Oil lingers near $65 as US crude supplies rise
SINGAPORE: Oil prices lingered near $65 a barrel Wednesday in Asia as rising U.S. crude inventories suggested consumer demand remains sluggish in the world's biggest economy.
Benchmark crude for September delivery was down 53 cents to $65.08 a barrel by midday Singapore time in electronic trading on the New York Mercantile Exchange. On Tuesday, the August contract expired, rising 74 cents to settle at $64.72.
U.S. crude inventories rose 3.1 million barrels last week while gasoline supplies gained 1.3 million, the American Petroleum Institute said late Tuesday. Analysts expected the API numbers to fall 2.0 million barrels, according to a survey by Platts, the energy information arm of McGraw-Hill Cos.
Investors will be watching for inventory data from the Energy Department's Energy Information Administration on Wednesday for more signs crude demand may be waning.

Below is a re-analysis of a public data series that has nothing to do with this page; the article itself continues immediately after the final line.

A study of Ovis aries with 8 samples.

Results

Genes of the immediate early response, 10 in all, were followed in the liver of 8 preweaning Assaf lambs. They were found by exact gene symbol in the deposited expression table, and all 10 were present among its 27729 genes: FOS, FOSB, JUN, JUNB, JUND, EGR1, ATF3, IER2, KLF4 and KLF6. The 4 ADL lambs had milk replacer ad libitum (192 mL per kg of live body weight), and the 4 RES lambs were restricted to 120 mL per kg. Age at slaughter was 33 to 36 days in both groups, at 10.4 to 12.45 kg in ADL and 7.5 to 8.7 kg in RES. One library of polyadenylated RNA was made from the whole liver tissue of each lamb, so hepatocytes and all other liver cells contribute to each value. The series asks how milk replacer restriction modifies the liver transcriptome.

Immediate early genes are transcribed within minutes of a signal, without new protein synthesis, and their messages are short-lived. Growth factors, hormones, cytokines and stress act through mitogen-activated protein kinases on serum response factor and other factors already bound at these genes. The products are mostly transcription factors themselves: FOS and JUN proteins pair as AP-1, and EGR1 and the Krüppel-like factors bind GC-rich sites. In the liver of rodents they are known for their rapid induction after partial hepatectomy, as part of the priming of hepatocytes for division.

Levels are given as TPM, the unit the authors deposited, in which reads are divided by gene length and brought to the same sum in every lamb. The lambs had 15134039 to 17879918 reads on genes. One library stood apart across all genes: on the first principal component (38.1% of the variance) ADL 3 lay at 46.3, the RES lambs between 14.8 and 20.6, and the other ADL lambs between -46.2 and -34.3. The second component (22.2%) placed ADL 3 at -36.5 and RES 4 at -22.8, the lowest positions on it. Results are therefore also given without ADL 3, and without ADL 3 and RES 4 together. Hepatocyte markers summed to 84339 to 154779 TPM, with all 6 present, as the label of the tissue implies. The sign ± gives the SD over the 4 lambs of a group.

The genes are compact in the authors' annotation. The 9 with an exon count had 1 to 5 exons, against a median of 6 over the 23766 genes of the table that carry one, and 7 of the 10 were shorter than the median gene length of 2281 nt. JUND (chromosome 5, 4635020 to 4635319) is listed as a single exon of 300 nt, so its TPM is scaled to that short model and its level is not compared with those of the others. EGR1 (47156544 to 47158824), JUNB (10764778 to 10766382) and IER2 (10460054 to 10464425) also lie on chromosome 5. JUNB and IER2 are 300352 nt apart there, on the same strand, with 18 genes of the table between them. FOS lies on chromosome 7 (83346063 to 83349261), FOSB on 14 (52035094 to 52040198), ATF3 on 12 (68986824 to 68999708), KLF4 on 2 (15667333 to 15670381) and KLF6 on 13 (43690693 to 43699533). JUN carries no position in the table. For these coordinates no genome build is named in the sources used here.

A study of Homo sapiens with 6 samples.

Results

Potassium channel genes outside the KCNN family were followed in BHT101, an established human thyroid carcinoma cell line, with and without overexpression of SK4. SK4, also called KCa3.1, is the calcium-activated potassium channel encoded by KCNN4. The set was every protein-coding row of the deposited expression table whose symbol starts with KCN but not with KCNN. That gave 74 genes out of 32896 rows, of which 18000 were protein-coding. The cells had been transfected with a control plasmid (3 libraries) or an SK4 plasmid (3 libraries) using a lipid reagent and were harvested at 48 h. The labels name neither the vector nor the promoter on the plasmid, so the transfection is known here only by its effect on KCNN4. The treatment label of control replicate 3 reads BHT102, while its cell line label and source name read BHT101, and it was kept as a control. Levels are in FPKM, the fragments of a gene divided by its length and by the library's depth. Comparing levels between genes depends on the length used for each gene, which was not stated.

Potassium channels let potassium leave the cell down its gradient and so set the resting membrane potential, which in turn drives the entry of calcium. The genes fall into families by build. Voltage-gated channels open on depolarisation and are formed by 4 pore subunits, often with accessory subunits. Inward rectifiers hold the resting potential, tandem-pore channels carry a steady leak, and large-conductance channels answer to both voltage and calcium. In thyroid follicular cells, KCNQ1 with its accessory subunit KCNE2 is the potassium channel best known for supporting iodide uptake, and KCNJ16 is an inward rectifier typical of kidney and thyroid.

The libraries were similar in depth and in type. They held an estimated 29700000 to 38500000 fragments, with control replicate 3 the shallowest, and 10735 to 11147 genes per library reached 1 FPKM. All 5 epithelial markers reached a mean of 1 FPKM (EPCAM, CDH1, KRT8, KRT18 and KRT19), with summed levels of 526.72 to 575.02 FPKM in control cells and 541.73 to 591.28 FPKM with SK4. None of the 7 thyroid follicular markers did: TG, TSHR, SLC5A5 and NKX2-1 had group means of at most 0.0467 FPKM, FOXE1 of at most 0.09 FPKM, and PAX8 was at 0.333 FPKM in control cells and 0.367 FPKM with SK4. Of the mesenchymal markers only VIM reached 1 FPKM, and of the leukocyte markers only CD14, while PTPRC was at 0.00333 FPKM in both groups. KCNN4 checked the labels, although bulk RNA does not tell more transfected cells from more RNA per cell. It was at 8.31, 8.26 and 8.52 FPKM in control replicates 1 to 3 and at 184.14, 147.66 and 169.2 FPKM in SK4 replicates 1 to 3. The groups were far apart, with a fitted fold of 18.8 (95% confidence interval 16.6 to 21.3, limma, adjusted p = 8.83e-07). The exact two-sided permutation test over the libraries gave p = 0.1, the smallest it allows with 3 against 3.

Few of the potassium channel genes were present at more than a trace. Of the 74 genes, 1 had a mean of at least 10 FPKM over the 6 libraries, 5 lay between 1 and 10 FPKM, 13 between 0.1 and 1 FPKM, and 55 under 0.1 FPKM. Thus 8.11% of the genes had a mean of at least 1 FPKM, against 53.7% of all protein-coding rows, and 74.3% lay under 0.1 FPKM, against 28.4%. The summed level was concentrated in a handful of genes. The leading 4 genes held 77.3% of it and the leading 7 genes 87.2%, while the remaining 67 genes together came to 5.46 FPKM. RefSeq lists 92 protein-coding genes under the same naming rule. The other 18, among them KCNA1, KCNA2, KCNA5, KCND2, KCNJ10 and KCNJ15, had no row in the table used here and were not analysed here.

The API numbers are reported by refiners voluntarily while the EIA figures are mandatory.
Oil prices have risen from $58.78 a barrel two weeks ago on stronger than expected second quarter corporate earnings. Some of the improved company results have been the result of cost cutting such as layoffs, which in turn is dragging on consumer demand.
Federal Reserve Chairman Ben Bernanke said Tuesday that the economy is still on track to recover this year, but slowly. He also predicted rising unemployment.
"The better profits is a good sign, but I want to see more macro numbers improve," said Clarence Chu, a trader with market maker Hudson Capital Energy in Singapore. "High unemployment is still a problem going forward."
In other Nymex trading, gasoline for August delivery fell 1.95 cents to $1.79 a gallon and heating oil dropped 0.84 cents to $1.69. Natural gas for August delivery slid 2.0 cents to $3.69 per 1,000 cubic feet.
In London, Brent prices fell 41 cents to $66.46 a barrel on the ICE Futures exchange.